Hunting for a convention venue

I’ve only done the grand venue safari once, but I learned a lot. Since your venue dictates your budget and your costs, we wanted something big enough for all the hobbies and attendees, with parking and nice bathrooms – that didn’t cost the earth. The ideal would be that we could sell some basic food things and drinks because that’s how a small con makes money if you want to keep your stall fees low. How hard could it be with Google by your side?

Wedding venues for conventions

If you’re planning a wedding, wedding venues are awesome. They usually offer a bundle of services and spare you time and stress. The wedding industry makes oodles of money from people searching for perfection, and for some reason wealth and the desire to host a small con usually don’t go together.

If you’re planning a convention, stay away from wedding venues. I tried a few multipurpose venues, but the ones I spoke to all got stuck on the idea of catering for a set number of guests.

Church halls

The big pro of church halls is that they’re usually not that expensive to hire. Obviously, you usually can’t hire them on a Sunday. It could work for you if you have a one-day con, but my advice is to be careful. After all, no matter what your con is about, a church hall is inextricably entangled with religion. This could mean trouble explaining to the congregation what you’re using their venue for. And even if the congregation is cool with the idea, you could put off attendees. For example, would your atheist geeks come to a church?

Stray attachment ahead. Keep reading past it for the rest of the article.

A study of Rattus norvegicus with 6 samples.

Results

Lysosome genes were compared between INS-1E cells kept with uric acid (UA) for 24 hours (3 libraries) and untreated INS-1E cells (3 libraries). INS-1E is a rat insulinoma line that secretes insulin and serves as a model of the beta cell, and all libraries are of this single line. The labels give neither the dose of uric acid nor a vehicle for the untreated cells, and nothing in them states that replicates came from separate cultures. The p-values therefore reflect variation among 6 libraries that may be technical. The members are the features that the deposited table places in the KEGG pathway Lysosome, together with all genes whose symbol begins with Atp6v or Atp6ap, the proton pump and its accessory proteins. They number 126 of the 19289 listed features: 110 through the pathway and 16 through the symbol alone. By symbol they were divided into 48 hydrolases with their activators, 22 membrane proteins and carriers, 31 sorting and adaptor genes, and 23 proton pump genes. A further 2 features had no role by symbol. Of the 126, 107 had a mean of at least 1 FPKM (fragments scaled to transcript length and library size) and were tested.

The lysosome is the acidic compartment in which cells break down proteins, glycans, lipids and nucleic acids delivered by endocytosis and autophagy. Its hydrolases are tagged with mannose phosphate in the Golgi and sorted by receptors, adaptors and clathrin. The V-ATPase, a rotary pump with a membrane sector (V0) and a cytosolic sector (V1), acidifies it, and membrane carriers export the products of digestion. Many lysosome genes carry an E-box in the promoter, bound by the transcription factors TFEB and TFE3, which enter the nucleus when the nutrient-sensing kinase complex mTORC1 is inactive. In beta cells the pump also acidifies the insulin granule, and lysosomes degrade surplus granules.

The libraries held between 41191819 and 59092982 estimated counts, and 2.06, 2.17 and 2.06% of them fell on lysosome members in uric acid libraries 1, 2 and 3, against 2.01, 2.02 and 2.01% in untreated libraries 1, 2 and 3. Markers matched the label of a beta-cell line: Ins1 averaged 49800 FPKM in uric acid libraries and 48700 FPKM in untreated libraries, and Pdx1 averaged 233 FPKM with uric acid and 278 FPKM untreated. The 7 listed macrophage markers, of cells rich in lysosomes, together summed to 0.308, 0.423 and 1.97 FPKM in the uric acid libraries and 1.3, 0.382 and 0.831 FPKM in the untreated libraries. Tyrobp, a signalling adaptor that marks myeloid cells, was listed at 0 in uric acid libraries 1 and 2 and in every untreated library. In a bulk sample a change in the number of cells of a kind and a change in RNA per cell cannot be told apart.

Sport halls

Many sport halls are owned by a sporting association or community. This is important because the association can decide that a sporting event is more important than your booking. Weekends are prime time for conventions, and also sporting events. If you do choose a sport hall, remember to check if you can sell your own drinks and find out if you need to keep attendees out of certain areas.

Community hall

For the Great Geek Collective Convention (G²C²), we hired a community hall through a catering company. We could sell food, but not drinks. And we had a nasty surprise close to the convention. We hired both halls on the property for Saturday and Sunday. However, the community wanted to host a dance so we lost the second hall and had to move all the tables we hired over to the main hall the Saturday afternoon.

In my next post I’ll tell you my best way of finding a good venue.